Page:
OPPD is a proposing to increase rates.
OPPD tells Channel Six News the proposed increase is not only due to flood fighting costs but a handful of others.
Early estimates of the proposed increase -- which would go into affect January, 1st 2012 -- could average each customer $5 to $6 more a month.
In June, flood waters surrounded and saturated the Fort Calhoun Nuclear Power Plant in Blair. Special berms were brought in to help keep out even more water threatening to breach the power station. In the end, OPPD avoided catastrophe but at a cost.
"And that can be translated to your wallet, on the (monthly) bill, starting January of 2012. OPPD tells Channel Six News, they are citing flood costs and other yearly budget increase expenses."
Mike Jones with OPPD tells Channel Six News, some of the factors that have contributed to the proposed increase include: the flood fight itself, the cost of complying with new federal air pollution rules and the increase in fuel and purchased power costs.
In a statement released Sunday on OPPD’s web site, OPPD has nearly $3 Billion in assets that needed protecting during the flood, the public power company trimmed $9 Million from it's budget to help curb any cost to customers and in an early estimate, the flood fight cost OPPD around $60 Million which would result in the proposed rate increase.
The initial rate increase could be around 5.9% or about $5 to $6 more a month on customer’s bills.
Barb Pope, a current OPPD customer says, "This is the holiday season and this is really... this is not going to be a good Christmas present for anybody … at all, you know five bucks if you don't have nothing, can go a long way."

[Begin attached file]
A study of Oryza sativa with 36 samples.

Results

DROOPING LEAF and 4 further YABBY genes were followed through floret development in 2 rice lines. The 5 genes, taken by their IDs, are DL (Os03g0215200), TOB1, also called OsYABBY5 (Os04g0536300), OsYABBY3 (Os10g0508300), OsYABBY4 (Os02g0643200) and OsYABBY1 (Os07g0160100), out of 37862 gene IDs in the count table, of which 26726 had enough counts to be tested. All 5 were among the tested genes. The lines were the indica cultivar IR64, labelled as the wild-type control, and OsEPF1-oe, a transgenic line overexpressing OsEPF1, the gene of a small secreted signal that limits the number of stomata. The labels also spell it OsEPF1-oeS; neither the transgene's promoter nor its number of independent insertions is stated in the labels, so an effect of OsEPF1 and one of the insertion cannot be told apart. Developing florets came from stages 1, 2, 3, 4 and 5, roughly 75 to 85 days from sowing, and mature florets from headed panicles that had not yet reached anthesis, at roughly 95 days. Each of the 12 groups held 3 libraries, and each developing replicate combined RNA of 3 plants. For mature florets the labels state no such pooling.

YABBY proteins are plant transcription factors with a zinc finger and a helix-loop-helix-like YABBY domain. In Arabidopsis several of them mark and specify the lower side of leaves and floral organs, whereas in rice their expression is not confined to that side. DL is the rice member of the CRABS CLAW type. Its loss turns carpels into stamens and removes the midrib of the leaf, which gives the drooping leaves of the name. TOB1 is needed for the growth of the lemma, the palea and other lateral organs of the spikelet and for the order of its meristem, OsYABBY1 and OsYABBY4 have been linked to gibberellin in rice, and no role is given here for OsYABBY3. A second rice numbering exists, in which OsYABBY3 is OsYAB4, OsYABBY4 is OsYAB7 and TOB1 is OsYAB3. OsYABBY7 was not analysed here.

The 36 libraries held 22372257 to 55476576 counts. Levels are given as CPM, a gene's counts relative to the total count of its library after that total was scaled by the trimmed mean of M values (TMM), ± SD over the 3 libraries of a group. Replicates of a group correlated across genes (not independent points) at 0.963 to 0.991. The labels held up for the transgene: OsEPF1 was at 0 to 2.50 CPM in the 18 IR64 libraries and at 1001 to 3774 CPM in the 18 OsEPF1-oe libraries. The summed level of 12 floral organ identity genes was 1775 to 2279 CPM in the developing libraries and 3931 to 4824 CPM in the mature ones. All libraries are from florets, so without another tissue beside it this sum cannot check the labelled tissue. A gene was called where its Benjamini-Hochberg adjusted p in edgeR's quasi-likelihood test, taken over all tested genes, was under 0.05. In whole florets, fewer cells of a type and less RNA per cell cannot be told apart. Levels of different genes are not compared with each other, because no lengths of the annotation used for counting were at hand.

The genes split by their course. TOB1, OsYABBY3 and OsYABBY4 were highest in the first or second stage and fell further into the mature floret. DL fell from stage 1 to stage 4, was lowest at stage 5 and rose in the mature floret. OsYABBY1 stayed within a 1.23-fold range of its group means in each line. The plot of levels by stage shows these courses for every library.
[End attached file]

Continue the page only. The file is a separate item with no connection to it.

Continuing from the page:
At Together, Inc., you don't have to tell these people that. While most of the people that walk through here do have jobs, they are already stretching a thin dollar. Michelle Moys Dill, the Executive Director of Together, Inc. says, "$5 or $6 doesn't seem like a lot for a lot of us, it just means one less coffee or we take our lunch one more day instead of eating out a couple days a week but for a lot of families it's still not an option, they are already doing those things they are not spending that extra money, so $5 or $6 extra a month has a huge impact on them."
Jones tells Channel Six News, OPPD Board of Directors will approve the final cost of the flood fight, while the initial number is $61 Million but that could change by Tuesday. Once the board approves the final “official” cost, they can adjust how much they will propose to increase rates.
Everyone is invited to learn more at the company's board meeting Thursday. It starts at 10 a.m. and will be held at the downtown Energy Plaza, off 16th Street. OPPD employees will be on hand to answer questions.